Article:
As they follow the ridge of mountains that forms the backbone of the entire peninsula and splits Italy in two, Stages 9 and 10 of the Giro 101 take in the great iconic locations from the race’s history. The first and foremost of these being, of course, Campo Imperatore, the stunning Alpine meadow in the heart of the Gran Sasso massif, which Fosco Maraini described as “Italy’s mini Tibet”, and which will always be associated with Marco Pantani’s epic climb during the Giro of 1999. Having made its way across Campania, Molise and Abruzzo in Stage 9, the race moves into Marche and Umbria, arriving in the areas devastated by earthquakes in August and October of 2016 to pay homage to this stunningly beautiful but misfortunate area.
“We are moving forward with a mixture of difficulty and enthusiasm,” explains the Mayor of Caldarola, the Marche municipality damaged by the October 2016 earthquake, “because we see how we are being helped by so many. Like Enel, which donated a whole building to four evacuee families.” From there we went to Pieve Torina, where the school was rebuilt with the help of Enel Cuore to bring a semblance of normality back to day-to-day life, particularly for young people.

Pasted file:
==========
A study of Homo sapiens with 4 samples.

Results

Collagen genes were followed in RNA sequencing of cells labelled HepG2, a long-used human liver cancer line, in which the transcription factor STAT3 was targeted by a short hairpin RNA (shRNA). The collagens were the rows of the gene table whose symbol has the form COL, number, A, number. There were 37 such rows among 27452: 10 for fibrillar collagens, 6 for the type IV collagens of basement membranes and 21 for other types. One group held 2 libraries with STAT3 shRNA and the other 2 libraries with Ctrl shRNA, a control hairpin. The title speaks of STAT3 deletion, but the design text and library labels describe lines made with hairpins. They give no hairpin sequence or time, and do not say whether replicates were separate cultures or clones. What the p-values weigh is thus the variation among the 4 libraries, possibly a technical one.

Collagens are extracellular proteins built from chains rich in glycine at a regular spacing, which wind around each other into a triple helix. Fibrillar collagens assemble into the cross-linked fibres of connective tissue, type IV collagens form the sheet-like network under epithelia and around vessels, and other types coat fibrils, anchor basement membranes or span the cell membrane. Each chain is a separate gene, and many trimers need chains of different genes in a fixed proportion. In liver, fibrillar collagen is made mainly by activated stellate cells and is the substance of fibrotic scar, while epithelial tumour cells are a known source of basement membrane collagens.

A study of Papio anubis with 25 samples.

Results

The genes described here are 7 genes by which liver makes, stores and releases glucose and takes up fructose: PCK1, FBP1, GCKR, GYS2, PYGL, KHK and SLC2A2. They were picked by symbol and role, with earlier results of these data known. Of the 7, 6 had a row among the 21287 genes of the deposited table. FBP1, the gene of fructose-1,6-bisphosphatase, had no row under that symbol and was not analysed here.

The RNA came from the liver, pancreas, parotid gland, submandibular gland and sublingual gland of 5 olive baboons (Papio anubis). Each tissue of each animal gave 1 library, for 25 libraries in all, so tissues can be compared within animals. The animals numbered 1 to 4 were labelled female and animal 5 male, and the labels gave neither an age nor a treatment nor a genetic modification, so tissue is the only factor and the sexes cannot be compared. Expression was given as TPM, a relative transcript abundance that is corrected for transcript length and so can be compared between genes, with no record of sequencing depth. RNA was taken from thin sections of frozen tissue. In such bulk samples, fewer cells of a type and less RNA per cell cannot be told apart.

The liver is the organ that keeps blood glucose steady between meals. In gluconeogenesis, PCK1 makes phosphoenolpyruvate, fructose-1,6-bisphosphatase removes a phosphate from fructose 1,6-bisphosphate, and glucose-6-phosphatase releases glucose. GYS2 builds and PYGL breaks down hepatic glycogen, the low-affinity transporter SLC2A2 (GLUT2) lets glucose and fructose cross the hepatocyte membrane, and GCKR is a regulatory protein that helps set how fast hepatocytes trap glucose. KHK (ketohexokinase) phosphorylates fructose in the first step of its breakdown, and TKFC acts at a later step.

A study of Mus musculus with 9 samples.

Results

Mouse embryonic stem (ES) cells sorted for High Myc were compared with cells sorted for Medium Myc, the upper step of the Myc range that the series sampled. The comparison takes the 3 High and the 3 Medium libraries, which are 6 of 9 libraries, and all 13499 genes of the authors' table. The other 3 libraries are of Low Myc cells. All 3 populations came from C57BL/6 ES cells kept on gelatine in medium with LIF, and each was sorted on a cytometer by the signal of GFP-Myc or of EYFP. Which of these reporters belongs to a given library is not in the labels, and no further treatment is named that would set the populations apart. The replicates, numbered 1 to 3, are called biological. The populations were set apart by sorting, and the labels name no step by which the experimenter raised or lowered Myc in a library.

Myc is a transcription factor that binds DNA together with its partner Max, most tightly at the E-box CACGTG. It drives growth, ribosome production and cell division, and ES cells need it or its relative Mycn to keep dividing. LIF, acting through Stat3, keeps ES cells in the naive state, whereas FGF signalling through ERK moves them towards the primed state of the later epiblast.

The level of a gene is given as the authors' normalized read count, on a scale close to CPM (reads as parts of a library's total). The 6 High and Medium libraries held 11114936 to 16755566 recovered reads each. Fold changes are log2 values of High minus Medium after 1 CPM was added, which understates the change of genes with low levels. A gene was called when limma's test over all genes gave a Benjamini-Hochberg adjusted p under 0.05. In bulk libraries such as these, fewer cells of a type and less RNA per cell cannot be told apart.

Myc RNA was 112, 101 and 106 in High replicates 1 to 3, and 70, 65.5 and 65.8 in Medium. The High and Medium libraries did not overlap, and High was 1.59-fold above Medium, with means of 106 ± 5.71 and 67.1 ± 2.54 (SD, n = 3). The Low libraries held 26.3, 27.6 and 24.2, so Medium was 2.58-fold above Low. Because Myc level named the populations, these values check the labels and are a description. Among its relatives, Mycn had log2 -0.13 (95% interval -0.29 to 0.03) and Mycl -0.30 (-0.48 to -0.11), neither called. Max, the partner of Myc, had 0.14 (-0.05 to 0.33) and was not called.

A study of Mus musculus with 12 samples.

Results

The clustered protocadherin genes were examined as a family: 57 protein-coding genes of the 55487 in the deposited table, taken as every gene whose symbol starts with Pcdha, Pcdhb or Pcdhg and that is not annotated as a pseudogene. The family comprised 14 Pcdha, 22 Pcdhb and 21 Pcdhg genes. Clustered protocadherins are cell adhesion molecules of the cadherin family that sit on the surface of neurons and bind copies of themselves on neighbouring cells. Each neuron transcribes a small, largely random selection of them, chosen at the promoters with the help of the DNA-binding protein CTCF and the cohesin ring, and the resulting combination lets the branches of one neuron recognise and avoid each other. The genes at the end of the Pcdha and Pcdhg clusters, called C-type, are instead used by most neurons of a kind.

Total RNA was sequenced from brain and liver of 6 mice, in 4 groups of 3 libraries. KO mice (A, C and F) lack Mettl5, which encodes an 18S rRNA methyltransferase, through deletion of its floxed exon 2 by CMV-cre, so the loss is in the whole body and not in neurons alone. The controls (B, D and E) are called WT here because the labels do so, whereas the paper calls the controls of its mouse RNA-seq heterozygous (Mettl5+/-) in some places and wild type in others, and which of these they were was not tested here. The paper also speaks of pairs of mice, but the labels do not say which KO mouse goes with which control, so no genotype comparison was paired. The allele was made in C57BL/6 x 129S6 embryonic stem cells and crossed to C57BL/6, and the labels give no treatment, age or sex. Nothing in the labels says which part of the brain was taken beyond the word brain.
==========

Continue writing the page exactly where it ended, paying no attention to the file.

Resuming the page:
At 239 kilometres, Stage 10 is the longest in the entire Giro. It starts out from Penne in the Province of Pescara, Abruzzo, before traversing the Marche region to the finish-line in Umbria.
In this dynamic locality, know-how is interwoven with a flair for innovation. A good example of this combination is Fater, a Pescara company and leading personal hygiene product manufacturer, which has developed the world’s first industrial facility capable of recycling 100% of used personal absorbent products. This cutting-edge virtuous system is described in 100 Italian circular economy stories, a report on Italy’s circular economy excellence, curated by Enel and the Symbola Foundation.
Just a short distance away in Recanati in Marche we met with MAC Italia, a company that designs high tech solutions and with which we worked on developing “pole stations”, the public charging columns for electric cars.
Stage 10 finishes in the Umbrian town of Gualdo Tadino. An architectural gem which cycling fans will associate with “bell’Adolfo”, the road racer Adolfo Leoni who won the Milano-Sanremo, 17 stages of the Giro and one stage of the Tour de France, and was born in the town. “Bell’Adolfo”: the legs of a champion and the face of a matinee star.